First thing’s first: Former and latter are both terms that denote an item’s place in a two-part sequence. They usually appear in the sentence immediately following the sequence. Former refers back to the first of a set, while latter refers to the last item. An easy way to remember the difference is to recall that both former and first begin with an F, while both latter and last start with an L. Former and latter shouldn’t appear after lists that contain more than two items.
Former and Latter in Sequence
Take this example from The Young Student’s Companion: “I have a grey horse and a black horse; take the former, and send the latter to my brother.” Here, the former item in the list is a grey horse, and the latter item is a black horse. By using the terms in this way, the speaker manages to indicate which horse the listener should take and which should be sent to their brother without having to repeat the full description of each horse.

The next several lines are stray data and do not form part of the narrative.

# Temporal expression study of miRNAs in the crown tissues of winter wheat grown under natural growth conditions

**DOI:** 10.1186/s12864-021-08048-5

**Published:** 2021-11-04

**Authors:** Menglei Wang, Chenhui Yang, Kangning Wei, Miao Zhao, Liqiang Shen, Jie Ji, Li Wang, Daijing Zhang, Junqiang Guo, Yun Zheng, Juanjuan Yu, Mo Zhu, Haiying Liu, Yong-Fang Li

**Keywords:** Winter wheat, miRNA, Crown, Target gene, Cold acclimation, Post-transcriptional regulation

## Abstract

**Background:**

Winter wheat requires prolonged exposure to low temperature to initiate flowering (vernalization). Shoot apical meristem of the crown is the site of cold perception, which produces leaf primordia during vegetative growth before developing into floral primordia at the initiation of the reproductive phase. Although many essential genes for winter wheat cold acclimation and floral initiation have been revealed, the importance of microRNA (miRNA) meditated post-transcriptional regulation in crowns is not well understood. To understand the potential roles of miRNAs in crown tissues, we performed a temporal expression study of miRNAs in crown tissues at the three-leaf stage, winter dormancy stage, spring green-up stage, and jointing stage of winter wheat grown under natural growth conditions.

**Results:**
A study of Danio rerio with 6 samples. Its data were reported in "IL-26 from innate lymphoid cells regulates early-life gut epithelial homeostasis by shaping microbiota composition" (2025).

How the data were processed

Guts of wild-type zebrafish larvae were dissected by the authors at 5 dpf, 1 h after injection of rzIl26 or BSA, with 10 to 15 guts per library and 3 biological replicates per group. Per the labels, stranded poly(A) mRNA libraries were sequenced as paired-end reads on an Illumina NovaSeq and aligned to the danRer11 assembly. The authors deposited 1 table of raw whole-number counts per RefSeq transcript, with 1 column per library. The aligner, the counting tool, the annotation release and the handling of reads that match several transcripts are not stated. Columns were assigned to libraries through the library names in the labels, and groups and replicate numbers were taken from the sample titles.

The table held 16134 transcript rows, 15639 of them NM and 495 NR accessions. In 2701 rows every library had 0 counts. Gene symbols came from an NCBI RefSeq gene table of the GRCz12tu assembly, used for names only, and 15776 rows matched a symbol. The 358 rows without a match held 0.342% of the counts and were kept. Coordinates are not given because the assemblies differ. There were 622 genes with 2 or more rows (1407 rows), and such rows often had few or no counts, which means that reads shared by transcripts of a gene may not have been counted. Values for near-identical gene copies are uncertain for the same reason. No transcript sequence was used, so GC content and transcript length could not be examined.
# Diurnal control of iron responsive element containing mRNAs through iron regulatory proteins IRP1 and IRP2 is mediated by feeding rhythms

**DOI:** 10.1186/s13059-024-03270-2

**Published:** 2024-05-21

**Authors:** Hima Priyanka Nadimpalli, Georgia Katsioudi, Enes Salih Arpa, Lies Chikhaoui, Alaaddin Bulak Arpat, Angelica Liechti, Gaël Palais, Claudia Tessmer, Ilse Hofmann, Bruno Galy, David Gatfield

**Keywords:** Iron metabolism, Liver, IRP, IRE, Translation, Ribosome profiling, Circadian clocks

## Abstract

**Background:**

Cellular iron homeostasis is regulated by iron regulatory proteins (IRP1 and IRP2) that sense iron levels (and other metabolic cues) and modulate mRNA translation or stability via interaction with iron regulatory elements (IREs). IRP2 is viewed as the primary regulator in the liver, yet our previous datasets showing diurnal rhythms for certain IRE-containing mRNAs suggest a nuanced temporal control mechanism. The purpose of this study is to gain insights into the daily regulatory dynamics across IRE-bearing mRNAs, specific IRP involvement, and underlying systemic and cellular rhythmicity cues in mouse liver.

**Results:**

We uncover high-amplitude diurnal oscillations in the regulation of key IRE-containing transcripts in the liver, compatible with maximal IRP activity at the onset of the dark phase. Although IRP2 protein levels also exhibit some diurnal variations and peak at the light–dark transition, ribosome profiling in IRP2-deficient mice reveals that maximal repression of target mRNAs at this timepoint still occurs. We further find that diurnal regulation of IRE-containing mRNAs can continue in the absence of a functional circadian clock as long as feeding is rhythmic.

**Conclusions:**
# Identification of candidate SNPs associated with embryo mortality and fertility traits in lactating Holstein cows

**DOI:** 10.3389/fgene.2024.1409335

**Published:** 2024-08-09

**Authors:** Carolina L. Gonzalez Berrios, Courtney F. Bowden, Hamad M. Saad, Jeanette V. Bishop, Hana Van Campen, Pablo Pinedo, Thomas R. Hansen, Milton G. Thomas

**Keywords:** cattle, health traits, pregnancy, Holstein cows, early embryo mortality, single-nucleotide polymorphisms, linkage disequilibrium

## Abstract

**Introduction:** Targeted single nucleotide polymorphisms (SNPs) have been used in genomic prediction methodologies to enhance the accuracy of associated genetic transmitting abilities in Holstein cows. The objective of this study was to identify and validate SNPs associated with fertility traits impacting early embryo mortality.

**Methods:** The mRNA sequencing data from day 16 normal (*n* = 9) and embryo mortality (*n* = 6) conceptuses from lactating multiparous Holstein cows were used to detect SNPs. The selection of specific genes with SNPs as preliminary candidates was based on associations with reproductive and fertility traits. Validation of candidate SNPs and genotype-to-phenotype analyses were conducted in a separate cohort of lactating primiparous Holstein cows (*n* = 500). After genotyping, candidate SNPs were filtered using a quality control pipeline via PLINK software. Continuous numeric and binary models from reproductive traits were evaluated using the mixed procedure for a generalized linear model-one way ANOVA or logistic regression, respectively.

Both of these words have somewhat related secondary meanings. Former‘s secondary meaning is in reference to the past. For example, a new employee may be introduced as as “Jim, formerly of Very Big Corporation,” with the clear meaning that he’s no longer an employee there. Similarly, Jimmy Carter is a former president in that he stopped being president in 1981.
Latter‘s second meaning is also a reference to the vague location of an event in time, rather than in a sequence. The full name of the Mormon Church, for example, is “The Church of Jesus Christ of Latter-Day Saints.” Here, Latter-Day is a reference to a time period, and is almost synonymous with late.
Former and latter usually show up in formal or technical writing. It’s rare that either word appears in casual speech. This is partly because it sounds odd to modern listeners, but mostly because the audience can’t go back over the preceding sentence to double-check which item in a set is former and which is latter.